Smoke from several wildfires in the northwest, including Montana and surrounding states, is causing issues in western Nebraska and eastern Wyoming.
Although the smoke has been visible for days, it became more dense and widespread this weekend.
On Saturday, the smoke caused an hour long delay at the Old West Balloon Fest sunrise launch because of reduced visibility.
After lessening overnight, the smoke blew back in Sunday afternoon.
Visibilities dropped below two miles at times in many locations, and it was causing air quality concerns.
The smoke was causing the air to be labeled “unhealthy,” according to the Environmental Protection Agency. At that level, “Everyone may begin to experience health effects and members of sensitive groups may experience more serious health effects.”
According to the EPA, the biggest health threat from smoke is from fine particles. These microscopic particles can get into your eyes and respiratory system, where they can cause health problems such as burning eyes, runny nose, and illnesses such as bronchitis.
If you are healthy, you’re usually not at a major risk from short-term exposures to smoke. Still, it’s a good idea to avoid breathing smoke if you can help it.
- Use common sense. If it looks smoky outside, it’s probably not a good time to mow the lawn or go for a run. And it’s probably not a good time for your children to play outdoors.
- Pay attention to local air quality reports. Stay alert to smoke-related news coverage or health warnings.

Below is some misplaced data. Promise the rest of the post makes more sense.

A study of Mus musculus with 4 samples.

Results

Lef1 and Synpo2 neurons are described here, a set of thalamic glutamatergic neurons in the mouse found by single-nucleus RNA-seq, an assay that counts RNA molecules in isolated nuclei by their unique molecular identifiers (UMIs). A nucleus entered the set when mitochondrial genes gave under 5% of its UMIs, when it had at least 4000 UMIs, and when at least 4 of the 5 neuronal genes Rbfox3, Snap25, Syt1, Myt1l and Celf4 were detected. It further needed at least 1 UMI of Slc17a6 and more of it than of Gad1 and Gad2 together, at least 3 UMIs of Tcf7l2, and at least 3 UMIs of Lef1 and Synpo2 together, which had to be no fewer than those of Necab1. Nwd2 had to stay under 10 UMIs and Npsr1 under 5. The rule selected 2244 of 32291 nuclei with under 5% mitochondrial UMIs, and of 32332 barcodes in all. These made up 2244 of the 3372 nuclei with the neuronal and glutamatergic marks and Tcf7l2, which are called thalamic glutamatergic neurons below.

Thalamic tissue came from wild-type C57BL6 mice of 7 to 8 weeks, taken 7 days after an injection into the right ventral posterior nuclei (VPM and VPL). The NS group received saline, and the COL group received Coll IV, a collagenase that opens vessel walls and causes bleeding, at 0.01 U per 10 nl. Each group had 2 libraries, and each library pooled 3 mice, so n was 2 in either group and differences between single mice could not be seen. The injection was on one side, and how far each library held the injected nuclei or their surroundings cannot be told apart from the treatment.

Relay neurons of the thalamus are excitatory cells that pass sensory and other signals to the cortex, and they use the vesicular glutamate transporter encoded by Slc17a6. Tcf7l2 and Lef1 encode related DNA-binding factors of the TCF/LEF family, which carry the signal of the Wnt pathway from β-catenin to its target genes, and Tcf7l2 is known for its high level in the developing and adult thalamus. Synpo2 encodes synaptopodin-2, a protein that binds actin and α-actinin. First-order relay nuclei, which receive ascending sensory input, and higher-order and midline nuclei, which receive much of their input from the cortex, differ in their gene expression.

- Visit AirNow.gov to find out the Air Quality Index in your area. As smoke gets worse, the amount of particles in the air changes – and so do the steps you should take to protect yourself. AirNow recommends precautions you can take to protect your health when air pollution gets bad.
- If you are advised to stay indoors, take steps to keep indoor air as clean as possible. When smoke levels are high, try to avoid using anything that burns, such as wood fireplaces, gas logs, gas stoves – and even candles! Don’t vacuum. That stirs up particles already inside your home. And don’t smoke. That puts even more pollution in your lungs, and in the lungs of people around you.
- If you have asthma or other lung disease, make sure you follow your doctor’s directions about taking your medicines and following your asthma management plan. Call your doctor if your symptoms worsen.
- Run your air conditioner if you have one. Keep the fresh air intake closed and the filter clean to prevent bringing additional smoke inside. Note: If you don’t have an air conditioner, staying inside with the windows closed may be dangerous in extremely hot weather. In these cases, seek alternative shelter.
- If you have heart or lung disease, if you are an older adult, or if you have children, talk with your doctor about whether and when you should leave the area. When smoke is heavy for a prolonged period of time, fine particles can build up indoors, even though you may not be able to see them.
The National Weather Service said that the smoke conditions should begin to improve by Monday morning.